Seventy-seven veterans died early in the pandemic due to management failures at the state-operated soldiers’ home in Holyoke. We hope we have identified governance changes that will make future tragedies in that setting much less likely.
The state’s soldiers’ homes – one in Holyoke, one in Chelsea – are nursing homes (also offering other health services) for elderly and disabled veterans. Early in the pandemic, COVID found its way into the Holyoke home and devastated the staff. Managers’ calls for staff assistance from the national guard went unanswered. In desperation, the managers consolidated a group of infected veterans in the same space with uninfected veterans, spreading the disease and leading to many needless deaths.
Two members of the senate who are veterans and reservists themselves – Senators Rush and Velis — participated in the investigation of the tragedy and brought to the Senate floor a bill that reflects the central lesson learned from their investigation: The failure to provide staffing relief when requested stemmed from a confusing chain of command – the request went to multiple senior managers, and no one took responsibility to respond.
The legislation offered by the two veterans, which we passed unanimously, establishes a clear chain of command for the soldiers’ homes, running up to the Governor. The bill establishes the secretary of veterans’ services as a cabinet level position and empowers the secretary to appoint the executive director of the Office of Veterans’ Homes and Housing who, in turn, appoints the superintendent of each soldiers’ home. A unanimously adopted floor amendment requires the secretary of veterans’ services to be a veteran.
Beyond clarifying the chain of command, the bill requires the superintendent of each home to be a licensed nursing home administrator hired through a transparent process. The bill establishes regional advisory councils for each soldiers’ home and requires that they be notified of a vacancy in the superintendency.
The bill adds oversight from the state department of public health, subjecting the homes to DPH inspection. A floor amendment requires each soldiers’ home to achieve DPH licensure. The bill also requires that each home employ both a full-time infection control specialist and an emergency preparedness specialist.
One of the saddest aspects of the Holyoke breakdown was that, at the height of the crisis, management stopped communicating with the families of the soldiers. One veteran’s daughter, unable to get answers as to whether her father was still alive, drove to the facility with that grim question written on her windshield. The legislation creates an ombudsman to assure that complaints will get addressed in a timely way.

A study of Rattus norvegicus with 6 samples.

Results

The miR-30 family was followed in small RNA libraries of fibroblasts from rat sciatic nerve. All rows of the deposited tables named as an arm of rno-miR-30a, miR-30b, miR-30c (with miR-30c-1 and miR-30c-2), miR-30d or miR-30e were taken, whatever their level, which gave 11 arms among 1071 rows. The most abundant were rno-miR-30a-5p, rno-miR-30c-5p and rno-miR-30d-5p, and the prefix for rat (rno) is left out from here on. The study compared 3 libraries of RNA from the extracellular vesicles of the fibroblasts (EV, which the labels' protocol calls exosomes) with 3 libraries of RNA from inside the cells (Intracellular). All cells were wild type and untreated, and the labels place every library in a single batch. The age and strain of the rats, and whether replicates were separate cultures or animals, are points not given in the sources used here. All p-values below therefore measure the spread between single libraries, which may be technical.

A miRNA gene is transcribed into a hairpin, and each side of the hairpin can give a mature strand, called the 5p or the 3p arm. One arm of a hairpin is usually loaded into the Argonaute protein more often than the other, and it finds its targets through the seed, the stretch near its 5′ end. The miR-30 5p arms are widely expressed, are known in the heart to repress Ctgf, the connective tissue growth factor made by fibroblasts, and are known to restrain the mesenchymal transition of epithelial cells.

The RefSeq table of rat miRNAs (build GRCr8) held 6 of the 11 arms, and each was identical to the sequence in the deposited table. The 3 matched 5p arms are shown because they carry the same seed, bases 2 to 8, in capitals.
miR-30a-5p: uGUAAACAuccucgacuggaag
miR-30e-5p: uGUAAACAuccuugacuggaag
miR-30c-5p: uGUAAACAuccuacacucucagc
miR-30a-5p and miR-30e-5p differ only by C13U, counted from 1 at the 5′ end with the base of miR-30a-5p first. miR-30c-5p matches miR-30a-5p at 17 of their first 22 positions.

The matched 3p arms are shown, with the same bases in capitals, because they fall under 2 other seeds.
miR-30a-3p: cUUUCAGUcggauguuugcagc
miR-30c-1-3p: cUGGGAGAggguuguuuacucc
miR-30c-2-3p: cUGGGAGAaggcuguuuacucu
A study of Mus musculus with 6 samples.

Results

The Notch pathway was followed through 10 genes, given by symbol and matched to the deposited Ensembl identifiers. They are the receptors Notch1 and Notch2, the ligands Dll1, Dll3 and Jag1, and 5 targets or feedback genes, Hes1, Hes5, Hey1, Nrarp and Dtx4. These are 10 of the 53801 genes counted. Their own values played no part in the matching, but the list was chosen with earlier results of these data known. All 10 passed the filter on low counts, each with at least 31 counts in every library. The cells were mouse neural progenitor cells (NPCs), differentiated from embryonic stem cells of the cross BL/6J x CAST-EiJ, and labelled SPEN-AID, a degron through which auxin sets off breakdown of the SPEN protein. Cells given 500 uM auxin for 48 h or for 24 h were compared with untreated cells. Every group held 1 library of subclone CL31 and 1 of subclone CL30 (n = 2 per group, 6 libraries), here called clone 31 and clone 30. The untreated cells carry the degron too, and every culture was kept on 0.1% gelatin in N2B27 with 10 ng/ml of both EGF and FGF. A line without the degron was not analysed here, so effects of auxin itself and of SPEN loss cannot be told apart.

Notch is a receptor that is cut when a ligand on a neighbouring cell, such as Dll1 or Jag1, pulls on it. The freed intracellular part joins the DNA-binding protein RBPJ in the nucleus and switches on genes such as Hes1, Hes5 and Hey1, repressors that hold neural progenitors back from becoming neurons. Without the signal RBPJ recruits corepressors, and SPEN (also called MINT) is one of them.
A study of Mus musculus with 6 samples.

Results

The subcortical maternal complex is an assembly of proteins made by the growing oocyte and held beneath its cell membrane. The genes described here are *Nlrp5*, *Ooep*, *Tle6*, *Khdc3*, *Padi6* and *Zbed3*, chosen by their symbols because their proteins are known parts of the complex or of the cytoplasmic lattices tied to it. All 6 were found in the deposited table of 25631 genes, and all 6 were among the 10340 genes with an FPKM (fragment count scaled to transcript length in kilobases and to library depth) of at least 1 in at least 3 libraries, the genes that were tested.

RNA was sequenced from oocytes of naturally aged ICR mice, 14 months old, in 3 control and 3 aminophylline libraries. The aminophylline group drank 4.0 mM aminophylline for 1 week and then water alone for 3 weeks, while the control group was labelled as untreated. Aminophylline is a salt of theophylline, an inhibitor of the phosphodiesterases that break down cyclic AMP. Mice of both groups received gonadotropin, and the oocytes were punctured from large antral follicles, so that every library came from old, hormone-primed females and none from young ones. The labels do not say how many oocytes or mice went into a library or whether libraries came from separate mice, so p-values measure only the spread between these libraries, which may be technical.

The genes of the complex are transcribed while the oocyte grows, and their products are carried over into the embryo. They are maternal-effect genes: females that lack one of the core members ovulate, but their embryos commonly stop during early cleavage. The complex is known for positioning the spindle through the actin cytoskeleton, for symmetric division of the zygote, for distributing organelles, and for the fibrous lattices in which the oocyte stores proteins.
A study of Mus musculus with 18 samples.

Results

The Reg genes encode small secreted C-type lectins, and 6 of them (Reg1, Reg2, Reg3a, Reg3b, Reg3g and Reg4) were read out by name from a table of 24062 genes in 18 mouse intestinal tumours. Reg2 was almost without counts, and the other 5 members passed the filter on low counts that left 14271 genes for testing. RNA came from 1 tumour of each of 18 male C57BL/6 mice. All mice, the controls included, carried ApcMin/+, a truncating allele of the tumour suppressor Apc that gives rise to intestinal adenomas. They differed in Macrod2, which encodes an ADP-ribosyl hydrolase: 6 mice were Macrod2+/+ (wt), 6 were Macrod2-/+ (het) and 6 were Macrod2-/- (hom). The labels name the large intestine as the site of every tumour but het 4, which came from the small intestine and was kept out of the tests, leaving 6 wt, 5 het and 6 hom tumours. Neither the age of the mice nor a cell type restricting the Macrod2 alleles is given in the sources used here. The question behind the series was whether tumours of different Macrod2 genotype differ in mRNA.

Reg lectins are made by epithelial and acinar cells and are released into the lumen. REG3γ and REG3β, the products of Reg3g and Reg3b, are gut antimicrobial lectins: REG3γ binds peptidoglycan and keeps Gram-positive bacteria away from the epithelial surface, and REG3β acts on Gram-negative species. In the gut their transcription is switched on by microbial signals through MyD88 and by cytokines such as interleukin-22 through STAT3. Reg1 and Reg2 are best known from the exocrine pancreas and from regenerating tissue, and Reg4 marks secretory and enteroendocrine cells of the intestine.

The House has previously adopted a bill to address the tragedy and the House and Senate will now need to negotiate the differences between their two bills.
Last year we passed legislation to take advantage of federal funds made available by Congress to support the reconstruction and physical modernization of the Holyoke home. An important part of the discussion around both the recent governance legislation and the previous capital investment was the need for more veterans’ services in other regions: The two soldiers’ homes – in Chelsea and Holyoke — provide needed services for veterans within their regions, but there are veterans in need across the state.
The continuing conversation about meeting the needs of veterans statewide will tie into the larger conversation about how best to care for the elderly and disabled. A major legislative effort over the past couple of decades has been to move away from the large facility model – most people want to age in place and avoid the nursing home experience. As a result of available home health assistance, many nursing homes in the state are running below capacity and have insufficient revenue to cover their fixed costs.
The consistent goal of the legislature is to assure that Massachusetts is the best state in the country for a veteran to return to. In every session, we pass legislation to further advance this goal. All legislators feel a sacred obligation to care for those who have put their lives at risk for the country. The legislature still has more work to do to assure that elderly or disabled veterans in every region have access to the care they need, whether in a “home” or at home.